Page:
Aren't we supposed to avoid putting plastics into our beautiful freshwater lakes?
When the Ontario government announced that it would mark Canada’s 150th anniversary celebration this July by renting the world’s largest rubber duck for $71,000 and parading it around six provincial harbors, many Ontarians were outraged. Since when did a gigantic rubber duck become a meaningful symbol of this proud northern nation?
Politician Rick Nicholls called it “an absurd waste of taxpayers’ dollars… an absolute cluster duck” during question period in Parliament. Tourism minister Eleanor McMahon disagreed: “It’s an important contribution… and just another example of the fun that people are going to have this summer.”
Opinions are deeply divided on the topic of the rubber duck, which is why I was pleased to hear it debated earlier this week on CBC Radio’s call-in program, Ontario Today. The more I listened to callers’ opposing opinions, as well as the explanations provided by the duck’s co-owner, Ryan Whaley, the more repulsion I felt for this enormous duck that is scheduled to land near my house within a few weeks.
There are a lot of practical reasons why I think paying thousands of dollars for a huge rubber duck is stupid, but my biggest issue with it is symbolic. The idea of floating an enormous piece of plastic in the Great Lakes as a way of expressing celebration makes me sick. We are supposed to be getting plastic out of our rivers, lakes, and oceans, not putting it in. Even the UN has declared war on plastics as part of its Clean Seas campaign.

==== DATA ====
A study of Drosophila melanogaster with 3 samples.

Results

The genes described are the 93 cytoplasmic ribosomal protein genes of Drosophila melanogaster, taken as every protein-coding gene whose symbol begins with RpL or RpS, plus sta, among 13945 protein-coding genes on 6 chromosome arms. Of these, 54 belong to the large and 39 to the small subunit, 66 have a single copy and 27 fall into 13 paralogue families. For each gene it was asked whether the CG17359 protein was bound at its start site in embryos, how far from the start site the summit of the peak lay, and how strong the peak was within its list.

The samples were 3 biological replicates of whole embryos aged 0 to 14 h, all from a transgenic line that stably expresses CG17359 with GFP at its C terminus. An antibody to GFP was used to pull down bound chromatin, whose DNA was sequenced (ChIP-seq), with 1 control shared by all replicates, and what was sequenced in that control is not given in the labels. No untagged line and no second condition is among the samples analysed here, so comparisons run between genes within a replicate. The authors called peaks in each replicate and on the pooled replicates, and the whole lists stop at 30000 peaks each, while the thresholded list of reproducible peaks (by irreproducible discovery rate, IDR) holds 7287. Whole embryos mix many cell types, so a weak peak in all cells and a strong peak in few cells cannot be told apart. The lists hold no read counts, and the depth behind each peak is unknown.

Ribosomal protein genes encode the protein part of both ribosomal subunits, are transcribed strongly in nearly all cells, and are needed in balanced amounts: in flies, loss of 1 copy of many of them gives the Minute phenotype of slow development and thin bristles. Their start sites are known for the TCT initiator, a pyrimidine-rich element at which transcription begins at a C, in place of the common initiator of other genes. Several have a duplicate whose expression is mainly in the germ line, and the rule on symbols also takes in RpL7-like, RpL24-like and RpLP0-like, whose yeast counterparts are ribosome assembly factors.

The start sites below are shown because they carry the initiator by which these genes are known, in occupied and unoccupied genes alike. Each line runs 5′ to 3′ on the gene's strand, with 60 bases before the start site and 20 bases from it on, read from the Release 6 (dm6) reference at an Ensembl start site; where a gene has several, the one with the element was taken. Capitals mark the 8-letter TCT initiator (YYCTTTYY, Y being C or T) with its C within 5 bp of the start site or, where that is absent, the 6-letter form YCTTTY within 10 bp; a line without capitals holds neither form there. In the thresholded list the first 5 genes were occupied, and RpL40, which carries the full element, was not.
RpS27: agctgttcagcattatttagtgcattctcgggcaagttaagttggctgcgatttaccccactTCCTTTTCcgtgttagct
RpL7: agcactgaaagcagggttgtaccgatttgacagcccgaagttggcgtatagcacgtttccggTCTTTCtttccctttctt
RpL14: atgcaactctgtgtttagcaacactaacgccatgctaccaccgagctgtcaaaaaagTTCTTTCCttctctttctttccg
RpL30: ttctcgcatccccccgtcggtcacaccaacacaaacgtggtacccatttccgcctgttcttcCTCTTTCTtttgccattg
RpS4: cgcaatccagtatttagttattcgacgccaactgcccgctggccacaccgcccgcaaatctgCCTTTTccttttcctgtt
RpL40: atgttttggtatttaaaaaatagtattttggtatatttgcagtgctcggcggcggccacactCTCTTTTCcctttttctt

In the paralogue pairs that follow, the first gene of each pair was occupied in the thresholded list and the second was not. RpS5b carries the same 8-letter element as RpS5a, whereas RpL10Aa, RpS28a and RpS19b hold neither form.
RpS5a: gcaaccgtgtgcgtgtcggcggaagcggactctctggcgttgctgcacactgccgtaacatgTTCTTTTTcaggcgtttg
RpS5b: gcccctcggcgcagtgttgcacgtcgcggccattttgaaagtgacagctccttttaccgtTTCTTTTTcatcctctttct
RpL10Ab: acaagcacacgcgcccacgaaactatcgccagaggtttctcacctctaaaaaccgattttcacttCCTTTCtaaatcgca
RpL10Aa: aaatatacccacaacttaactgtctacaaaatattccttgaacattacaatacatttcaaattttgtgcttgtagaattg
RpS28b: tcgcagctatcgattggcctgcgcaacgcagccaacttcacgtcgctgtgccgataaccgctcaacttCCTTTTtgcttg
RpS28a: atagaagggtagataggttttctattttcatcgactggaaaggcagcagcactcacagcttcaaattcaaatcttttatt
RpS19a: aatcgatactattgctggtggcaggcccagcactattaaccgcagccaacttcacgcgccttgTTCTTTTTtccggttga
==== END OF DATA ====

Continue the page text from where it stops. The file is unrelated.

I understand that the duck is not garbage (yet), and presumably would not be leaving bits of itself behind, but there’s a cultural intimacy with plastic that must be shattered in order for environmental progress to be made. We need to stop using plastic in frivolous ways – and I cannot think of anything more frivolous than a six-storey rubber duck, even if it already exists. Renting it is a vote of support for its existence.
And yet, the province of Ontario, whose Liberal government likes to sound progressive on environmental protection and moving away from fossil fuels, would fork out tens of thousands to elevate to celebrity status a giant, off-gassing vinyl toy by floating it in the world’s most famous freshwater lakes? It’s riduckulous, er, ridiculous.
It’s not just the plastic material used to make the duck (in China, no less!), but also the tremendous amount of energy required to operate it that ruffles my feathers. Owner Ryan Whaley, from Ohio, told CBC rather proudly:
“It’s a very big operation to move the duck around. It travels on a semi truck. It is attached to a 10-ton pontoon barge that has to be assembled and disassembled every time, using a crane and eight to 10 guys. It takes almost a day to get it inflated. While inflated, it must be maintained by a crew to make sure it’s retaining air.”
Even Whaley’s ownership is being questioned. Dutch designer Florentin Hofman, who came up with the original giant rubber duck (pictured below) as an environmental statement ten years ago, claims the design was stolen from him -- a suggestion that Whaley protested vigorously on air.
The Ontario government has missed a fabulous opportunity to make a big statement here. They’ve settled for the immediate gratification of a few novelty Instagram shots, without taking into consideration the long-term implications of such a choice.
So many other possibilities come to mind. Imagine if they had at least chosen a Canadian animal, like a beaver or a loon, and made it out of biodegradable materials, like wood or birch bark? Or they could have employed Canadian artists to create a beautiful creature that would remain on permanent display in the province to remind us of this special time -- not return to its home in a foreign country.
A floating animal could have been turned into a powerful environmental statement by using recycled materials or even plastic trash collected from the Great Lakes. After all, if we love the material so much, why not put our obsession with it on full display? No doubt it will be our archaeological legacy someday.